PHOENIX (AP) - The Arizona Senate Ethics Committee on Friday resumed its hearing on whether Republican Sen. Scott Bundgaard, of Peoria, should be disciplined for a February domestic incident involving an ex-girlfriend.
Bundgaard's lawyers are expected to call him to testify after the prosecution finishes its case.
A former girlfriend of state Sen. Scott Bundgaard testified Thursday in an ethics hearing for the Peoria Republican that he struck her twice during a car ride as the two argued over his decision to take dancing lessons while failing to take the time to get counseling for a previous physical altercation.
Aubry Ballard testified during a Senate Ethics Committee hearing on an ethics complaint against Bundgaard. The hearing could lead to a recommendation to the full Senate for a letter of reprimand, a formal censure or even expulsion from the Senate for the incident that left both Bundgaard and Ballard with cuts and bruises.
Ballard testified that Bundgaard said he'd get counseling after he held her throat and then physically threw out of his house after they argued on New Year's Eve of 2010, about two months before the February 2011 domestic violence incident that led to the ethics case.
Bundgaard didn't get the counseling but did sign up for dance lessons for a charity event and planned to take more, Ballard testified.
The couple was returning from the charity event when they argued on the evening of Feb. 25.
"That dancing was going to take precedence over counseling upset me," Ballard said, adding later. "We start arguing. Obviously it was about priorities in the relationship."
Bundgaard struck her twice in the chest with fist while driving and she responded in self defense by striking his face, she said. "I reacted. I'd never been hit by a man before."
Bundgaard, who has denied assaulting Ballard, is also scheduled to testify in the ethics hearing. He pleaded no contest Aug. 16 to misdemeanor endangerment under a plea agreement that resulted in dismissal of an assault charge.
Independent Counsel Michael Liburdi during his open statement that Bundgaard should be expelled from the Senate.
Bundgaard assaulted Ballard then put her and responding police officers at risk by stopping in the median of a Phoenix freeway before using a legislative immunity to avoid being arrested, Liburdi said. "The time has come for this committee to uphold the integrity of this institution and to hold Sen. Bundgaard accountable."
Bundgaard attorney Andre Merrett told the committee that his client regrets his role in the altercation. But he said Bundgaard never intended to harm Ballard or put her at risk.
"Better judgment should have prevailed and should have continued at a private location," Merrett said, apparently referring to Bundgaard's stopping his car along the median of Arizona 51.
But Bundgaard never intended to harm Ballard or put her at risk and that means he shouldn't be punished by the Senate, Merrett said.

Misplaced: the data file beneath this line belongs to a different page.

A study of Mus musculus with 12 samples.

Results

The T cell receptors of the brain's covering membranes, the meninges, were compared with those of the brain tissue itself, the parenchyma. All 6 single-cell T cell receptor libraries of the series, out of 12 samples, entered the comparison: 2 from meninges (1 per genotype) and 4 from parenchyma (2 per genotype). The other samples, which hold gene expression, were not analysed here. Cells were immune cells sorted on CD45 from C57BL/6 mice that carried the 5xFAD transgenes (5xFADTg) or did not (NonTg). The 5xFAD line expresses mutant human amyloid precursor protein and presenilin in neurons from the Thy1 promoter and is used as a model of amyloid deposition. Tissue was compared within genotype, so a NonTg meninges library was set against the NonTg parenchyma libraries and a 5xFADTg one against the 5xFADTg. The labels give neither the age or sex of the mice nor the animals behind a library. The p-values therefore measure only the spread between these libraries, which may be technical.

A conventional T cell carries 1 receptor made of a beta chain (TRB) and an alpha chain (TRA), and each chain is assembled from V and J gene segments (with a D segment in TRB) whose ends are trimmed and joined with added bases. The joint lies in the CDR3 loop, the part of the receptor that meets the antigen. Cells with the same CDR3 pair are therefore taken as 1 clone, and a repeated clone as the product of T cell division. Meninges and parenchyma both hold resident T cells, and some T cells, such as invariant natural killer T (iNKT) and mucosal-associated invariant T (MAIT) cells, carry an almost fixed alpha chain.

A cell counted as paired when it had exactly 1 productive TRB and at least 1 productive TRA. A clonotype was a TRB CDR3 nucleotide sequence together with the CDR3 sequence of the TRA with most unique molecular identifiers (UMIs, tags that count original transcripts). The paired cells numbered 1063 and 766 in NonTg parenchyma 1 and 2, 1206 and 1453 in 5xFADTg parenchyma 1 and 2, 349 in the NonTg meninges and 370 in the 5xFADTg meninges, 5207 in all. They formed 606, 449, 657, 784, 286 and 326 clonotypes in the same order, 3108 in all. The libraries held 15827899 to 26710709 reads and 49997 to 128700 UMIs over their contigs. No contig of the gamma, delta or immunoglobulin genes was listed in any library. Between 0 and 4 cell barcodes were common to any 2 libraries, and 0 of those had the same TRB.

Bundgaard and Ballard each reported to police being struck by the other. A police report said an investigation could not determine how the physical altercation began during an argument between the couple. But the report said witnesses reported seeing Bundgaard pull Ballard from his car and that she landed on the ground.
Witnesses testified Thursday they saw a man in a physical altercation with somebody as the man stood outside a car's open passenger door.
Several witnesses, including an off-duty police officer, said they saw a man in various stages of aggressively pulling a woman from the car, and another witness said she saw a man flailing his arms at the car.
"It looked like punches to me," said that witness, Linda Ann Calleja.
In videotaped deposition testimony shown to the committee, Phoenix police Sgt. Rich Maiocco said the scene looked like "somebody (was) getting their ass kicked."
Phoenix Police Department and state Highway Patrol officers who responded to 911 calls by motorists testified that Bundgaard smelled of alcohol at the scene, where he was handcuffed and then placed in a police car before being driven to a nearby park for questioning.
Several officers testified Bundgaard invoked a constitutional provision granting limited immunity for legislators from arrest during legislative sessions and that Bundgaard would have been arrested but for the immunity provision.
"I don't remember the exact quote, but it was something like I want to be taken out of handcuffs because I'm a senator. I'm in session," said Officer Terry Graber, one of the responding Phoenix officers.
"If he had not invoked legislative immunity, he would have been arrested for assault-domestic violence and possibly DUI," Graber also said.
Bundgaard has denied invoking the immunity privilege, and Liburdi in his opening statement said that was a lie
Bundgaard was allowed to be driven home that night by a relative, while Ballard was arrested and jailed overnight. Prosecutors later declined to charge her.
Ballard said police told her "someone has to go to jail" that she was the one. "He got to go home ... because he claimed legislative immunity," she said.
The immunity provision does not bar prosecution later, and Phoenix city prosecutors charged Bundgaard with misdemeanor assault and endangerment.
The hearing could result in a recommendation to the Senate for a letter of reprimand, a formal censure or even expulsion for Bundgaard.
Associated Press reporter Bob Christie contributed.